FREE RESOURCESModification Order
The Redundancy Payments (Continuity of Employment in Local Government, etc.) (Modification) Order 1999
The Employment Rights Act 1996 (ERA) sets out that service with ‘associated employers’ counts for continuous service purposes. ‘Associated employers’ refers to companies that are part of the same group of companies. Under the ERA, local authorities are not considered associated employers as they are clear and distinct employers. However, for the purpose of calculating redundancy payments the ‘Modification Order’ has the effect of making local government, including maintained schools and academies, associated employers.
An employee must have two years continuous service to qualify for redundancy payments (s155 ERA). The Modification Order means that you must count service which is continuous from other modification order bodies.
Redundancy payments are based on the period of continuous service (s162 ERA). The Modification Order means that service with other modification order bodies must be taken into account when calculating redundancy pay.
What is Continuous Service?
Under the ERA, a week (Sunday to Saturday) in which a person’s relation with their employer is governed by a contract of employment, no matter how much time is actually spent working, counts as a week of service. Therefore, to break continuous service there must be a period of one week of Sunday to Saturday during which no contract of employment is in place.
Continuous Service and Redundancy
Where an employee is made redundant from a modification order body there are different rules that apply for the protection of continuous service. Where a person is under notice of redundancy from Council A and they receive a job offer from Council B before their last day of service and start work for Council B within 4 weeks of their last day of service at Council A, in the eyes of the law there has been no dismissal. The person is not entitled to their redundancy payment (which should be returned to Council A) but their continuity of service is preserved. If the employee doesn’t start working for Council B until after the 4 weeks have passed or the job offer is received after the last day of service then the dismissal stands and the employee may retain their redundancy payment (subject to Public Sector Exit Pay Recovery rules when they come into force). Continuity of service is broken.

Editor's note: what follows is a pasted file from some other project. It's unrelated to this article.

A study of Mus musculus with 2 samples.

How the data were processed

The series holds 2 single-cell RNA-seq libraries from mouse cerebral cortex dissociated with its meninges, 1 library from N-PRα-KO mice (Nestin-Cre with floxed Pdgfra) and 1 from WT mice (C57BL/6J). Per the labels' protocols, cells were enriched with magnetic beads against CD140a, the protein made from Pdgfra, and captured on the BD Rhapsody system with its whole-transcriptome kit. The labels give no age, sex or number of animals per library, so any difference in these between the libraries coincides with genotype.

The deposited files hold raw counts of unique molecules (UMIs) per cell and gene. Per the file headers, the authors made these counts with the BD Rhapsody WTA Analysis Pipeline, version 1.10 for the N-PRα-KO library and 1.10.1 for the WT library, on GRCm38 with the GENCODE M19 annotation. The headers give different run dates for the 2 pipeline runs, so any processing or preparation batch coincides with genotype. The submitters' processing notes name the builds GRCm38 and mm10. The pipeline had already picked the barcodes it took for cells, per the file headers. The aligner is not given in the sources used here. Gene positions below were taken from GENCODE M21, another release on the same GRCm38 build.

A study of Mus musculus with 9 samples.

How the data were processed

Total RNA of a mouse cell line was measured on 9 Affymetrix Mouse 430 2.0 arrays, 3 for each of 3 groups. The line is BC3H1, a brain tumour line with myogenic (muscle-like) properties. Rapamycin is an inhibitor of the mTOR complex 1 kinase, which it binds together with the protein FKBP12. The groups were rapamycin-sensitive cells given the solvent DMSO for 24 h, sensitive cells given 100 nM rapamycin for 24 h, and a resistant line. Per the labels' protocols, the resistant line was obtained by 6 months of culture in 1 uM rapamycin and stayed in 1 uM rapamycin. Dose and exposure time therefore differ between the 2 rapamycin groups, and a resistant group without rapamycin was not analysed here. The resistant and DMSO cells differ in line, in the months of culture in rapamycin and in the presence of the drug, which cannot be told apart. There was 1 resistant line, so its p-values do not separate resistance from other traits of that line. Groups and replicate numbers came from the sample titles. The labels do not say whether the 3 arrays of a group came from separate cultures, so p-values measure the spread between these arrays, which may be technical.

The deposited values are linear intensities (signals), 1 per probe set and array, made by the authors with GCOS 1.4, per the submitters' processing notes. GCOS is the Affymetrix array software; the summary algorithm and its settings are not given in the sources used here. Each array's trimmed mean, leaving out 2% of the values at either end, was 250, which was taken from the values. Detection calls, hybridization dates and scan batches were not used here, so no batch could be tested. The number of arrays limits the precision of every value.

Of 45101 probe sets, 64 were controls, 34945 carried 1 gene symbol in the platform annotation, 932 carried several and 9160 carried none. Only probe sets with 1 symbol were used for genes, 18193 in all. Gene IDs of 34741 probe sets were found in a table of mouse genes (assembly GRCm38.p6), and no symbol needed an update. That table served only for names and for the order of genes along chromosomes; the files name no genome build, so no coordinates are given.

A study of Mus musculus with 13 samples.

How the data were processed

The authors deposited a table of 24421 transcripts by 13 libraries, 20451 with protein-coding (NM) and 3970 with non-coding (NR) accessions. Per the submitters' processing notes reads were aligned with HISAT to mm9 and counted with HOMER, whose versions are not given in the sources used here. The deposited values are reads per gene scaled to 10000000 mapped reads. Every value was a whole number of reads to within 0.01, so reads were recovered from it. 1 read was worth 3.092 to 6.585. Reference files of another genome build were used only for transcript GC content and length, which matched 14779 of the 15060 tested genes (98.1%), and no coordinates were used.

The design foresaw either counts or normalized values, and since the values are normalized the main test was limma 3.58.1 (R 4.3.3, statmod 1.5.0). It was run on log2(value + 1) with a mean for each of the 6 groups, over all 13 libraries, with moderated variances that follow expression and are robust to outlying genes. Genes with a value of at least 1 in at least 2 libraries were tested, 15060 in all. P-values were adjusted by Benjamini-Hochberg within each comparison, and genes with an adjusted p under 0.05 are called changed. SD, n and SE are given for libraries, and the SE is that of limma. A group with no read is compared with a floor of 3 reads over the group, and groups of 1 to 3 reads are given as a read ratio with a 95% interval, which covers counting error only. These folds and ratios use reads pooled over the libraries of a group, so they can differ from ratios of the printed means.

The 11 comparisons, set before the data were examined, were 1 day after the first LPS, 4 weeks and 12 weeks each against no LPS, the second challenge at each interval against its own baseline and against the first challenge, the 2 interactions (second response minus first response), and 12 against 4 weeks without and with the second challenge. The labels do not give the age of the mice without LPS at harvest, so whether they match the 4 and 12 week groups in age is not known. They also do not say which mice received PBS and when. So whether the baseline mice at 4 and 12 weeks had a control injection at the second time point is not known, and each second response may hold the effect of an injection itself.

Who's covered by the Modification Order?
The bodies on the Order are split into two lists:
- Part I (Schedule 1 of the Modification Order) When a person employed by one of these bodies is made redundant from that body the provisions of the Modification Order apply as outlined above. The employer must count service with any body on the Order (that is, from Part I or Part II).
- Part II (Schedule 2, Part II of the Modification Order) These bodies are not bound by the provisions of the Modification Order that is, continuous service with any other body on the Order does not count if an employee is made redundant from one of these bodies. In practice this has little relevance as these are almost exclusively bodies which no longer exist, for example, the Greater London Council.
For local authorities the split between the lists has no practical significance as they are on Part I and therefore must apply the provisions of the Modification Order to any body, whichever part of the list it is on. However, we have explained the difference as the split is something that can cause confusion. Many of the bodies on the Order are specifically named. However, there are several generic categories which refer to statutes which can cause confusion. It is impossible to create a list of everybody on the Order by individual name as this would cover several thousand organisations. It is useful to remember that the idea of the Order is that those employers who are in the local government ‘family’ are included. Therefore, non-local authority bodies on the Order are generally those that at some point have been funded wholly or partly by the local authority or provide a service that used to be entirely provided by an authority.
- Housing Associations
- Academies and Freeschools
- Universities and Further Education Colleges
- The Civil Service
- The NHS
- Water Authorities
- Parish and Town Council
Who are SEE?
South East Employers are a small team of Employment & Organisational Development consultants. We work across the public sector in the south east of England. Our organisation is not-for-profit so we are continually re-investing in the services and products we offer. We work with small and medium sized organisations and across the public sector in the south east of England.